Ging points at Killua. “What is he doing here?” he asks.

“I invited him,” Gon replies, passing the bread basket to his left.

“Okay. In that case, what is he doing here?” Ging says, pointing at Pariston.

“Gon-kun invited me,” Pariston says, smiling as he takes the bread basket from Gon. Killua leans away to avoid getting a few stray sparkles in his hair. “In fact, from what I understand, he invited all of our colleagues in the Zodiac, but unfortunately, it seems everybody else had plans.”

“Then,” Ging says. “Why am I here?”

Pariston hands the bread basket off to Killua. “In my opinion, people who wander around without an evident purpose in life are the most likely to be drawn in by promises of free food!” he chirps, giving a sweeping glance across the table.

“Killua, your hands just turned into claws,” Gon says. “Killua, you’re crushing the bread basket. Killua, are you listening?”

It’s too late. The bread basket and all buns therein are the first victims of the night.



Second course.

“Gon, I told you that this was a terrible idea,” Killua says, just as Pariston flings a salad fork at Ging’s face.

Ging, in turn, leans over to pick up a napkin from the floor, avoiding the utensil by a hair or two.  “Whoops, I dropped this. Silly me,” he says.

“Whoops, my fork slipped out of my hand. Silly me,” Pariston says. The fork is sticking out of the wall, trembling slightly.

Gon puts his hand up. “Excuse me, waiter?” he asks. “Could we get another fork, please?”

“This,” Killua says, gripping his own salad fork so hard that he ends up bending it in half, “is not a problem that can be fixed by asking for replacements.”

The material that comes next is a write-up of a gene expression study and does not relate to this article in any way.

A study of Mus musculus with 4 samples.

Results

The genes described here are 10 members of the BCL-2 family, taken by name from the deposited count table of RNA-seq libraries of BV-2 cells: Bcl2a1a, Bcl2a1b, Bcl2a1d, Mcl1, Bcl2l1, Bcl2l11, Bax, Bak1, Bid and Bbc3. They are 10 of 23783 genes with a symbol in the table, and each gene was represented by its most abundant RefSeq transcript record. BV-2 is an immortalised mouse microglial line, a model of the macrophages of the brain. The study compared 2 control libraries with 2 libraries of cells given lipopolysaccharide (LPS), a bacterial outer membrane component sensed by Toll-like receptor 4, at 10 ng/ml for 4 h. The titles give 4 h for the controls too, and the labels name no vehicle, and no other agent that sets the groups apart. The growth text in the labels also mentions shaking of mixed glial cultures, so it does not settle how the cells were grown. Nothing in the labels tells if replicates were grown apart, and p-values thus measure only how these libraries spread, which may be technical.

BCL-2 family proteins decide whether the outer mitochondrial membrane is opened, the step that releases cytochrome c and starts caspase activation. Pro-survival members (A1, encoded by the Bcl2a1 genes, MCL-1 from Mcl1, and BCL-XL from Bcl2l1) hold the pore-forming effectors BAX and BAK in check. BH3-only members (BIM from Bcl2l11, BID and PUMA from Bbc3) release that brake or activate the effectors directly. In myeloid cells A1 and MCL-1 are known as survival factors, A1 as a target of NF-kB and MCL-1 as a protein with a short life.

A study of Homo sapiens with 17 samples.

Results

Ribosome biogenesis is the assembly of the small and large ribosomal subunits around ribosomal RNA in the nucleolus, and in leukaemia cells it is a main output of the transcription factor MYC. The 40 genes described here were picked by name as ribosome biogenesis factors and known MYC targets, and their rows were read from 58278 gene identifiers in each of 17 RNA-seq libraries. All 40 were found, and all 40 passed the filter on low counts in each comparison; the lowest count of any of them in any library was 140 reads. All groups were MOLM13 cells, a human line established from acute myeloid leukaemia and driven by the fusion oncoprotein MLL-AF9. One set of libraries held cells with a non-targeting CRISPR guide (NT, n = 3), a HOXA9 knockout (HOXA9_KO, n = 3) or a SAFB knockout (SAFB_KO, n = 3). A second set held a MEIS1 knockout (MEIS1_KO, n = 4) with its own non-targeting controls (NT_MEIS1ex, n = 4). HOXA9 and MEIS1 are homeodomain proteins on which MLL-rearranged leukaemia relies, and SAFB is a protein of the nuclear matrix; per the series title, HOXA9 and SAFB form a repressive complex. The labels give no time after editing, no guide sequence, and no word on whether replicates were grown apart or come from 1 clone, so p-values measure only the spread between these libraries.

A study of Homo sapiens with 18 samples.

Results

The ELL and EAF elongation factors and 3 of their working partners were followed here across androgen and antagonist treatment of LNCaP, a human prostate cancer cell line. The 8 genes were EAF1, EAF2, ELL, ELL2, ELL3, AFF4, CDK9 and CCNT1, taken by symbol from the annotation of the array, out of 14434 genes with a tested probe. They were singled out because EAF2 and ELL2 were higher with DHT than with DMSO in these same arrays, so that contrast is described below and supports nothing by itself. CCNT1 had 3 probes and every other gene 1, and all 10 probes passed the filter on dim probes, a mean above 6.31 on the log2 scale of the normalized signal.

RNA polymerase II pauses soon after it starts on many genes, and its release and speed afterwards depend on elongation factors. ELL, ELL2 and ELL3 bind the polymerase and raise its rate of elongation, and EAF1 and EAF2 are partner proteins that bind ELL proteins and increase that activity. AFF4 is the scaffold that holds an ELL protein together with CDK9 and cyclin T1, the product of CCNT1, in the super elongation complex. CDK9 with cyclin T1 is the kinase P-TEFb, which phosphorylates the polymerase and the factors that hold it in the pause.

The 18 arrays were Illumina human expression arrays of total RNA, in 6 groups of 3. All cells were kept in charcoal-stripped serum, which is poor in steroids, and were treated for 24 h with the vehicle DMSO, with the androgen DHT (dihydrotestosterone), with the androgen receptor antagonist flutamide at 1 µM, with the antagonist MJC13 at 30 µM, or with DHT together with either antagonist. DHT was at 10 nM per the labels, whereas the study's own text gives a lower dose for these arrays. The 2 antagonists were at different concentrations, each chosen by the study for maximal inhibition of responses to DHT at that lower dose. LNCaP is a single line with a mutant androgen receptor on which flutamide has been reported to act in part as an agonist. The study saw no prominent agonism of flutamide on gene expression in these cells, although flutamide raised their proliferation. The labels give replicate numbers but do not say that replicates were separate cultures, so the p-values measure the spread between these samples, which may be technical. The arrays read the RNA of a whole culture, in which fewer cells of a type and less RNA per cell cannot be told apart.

“Excuse me, waiter?” Gon says. “Make that two forks, please.”



Main course.

“Gon-kun, you’re quite mature, aren’t you?” Pariston says. “To treat your own father to a dinner at your age. And such a fine dinner it is, too! I’m not even sure Ging-san knows how to pronounce filet mignon.”

“Thanks, but Killua’s the one who decided on the foods, not me,” Gon replies cheerfully.

Ging has cut his meat and decorated it with the side garnishes to give it an expression that looks an awful lot like a smiling face. He then takes his steak knife and roughly chops the filet in two. “Actually, I speak seven languages,” he says. 

Pariston turns past Ging to look at Killua. “How precocious of you, Killua-kun,” he says. “But I would expect no less from a child of the Zoldyck family.”

“If that’s how you feel, then you probably should’ve checked the food for poison before eating it,” Killua replies off-handedly.

“Oh my, what a sense of humor,” Pariston says, laughing heartily.

Killua looks up to give him a piercing look. “Do I look like I’m joking,” he asks flatly.

Pariston’s smile goes a little haywire at the corners of his lips. Ging reaches across the table to put a hand on Gon’s shoulder and solemnly tells him, “You’ve made a good friend.”



Dessert course.

That Killua was the one who decided upon the courses really shows by the fact that their dessert is a three-tier chocolate buttercream cake, decorated exquisitely and somewhat excessively frosted.

Ging raises his hand. “Hey, waiter. Can I trade this slice for an Amaretto coffee?” he asks.

And that’s how Gon Freecss is forced to hold his best friend back from attempting to punch out his deadbeat dad at a three-star restaurant.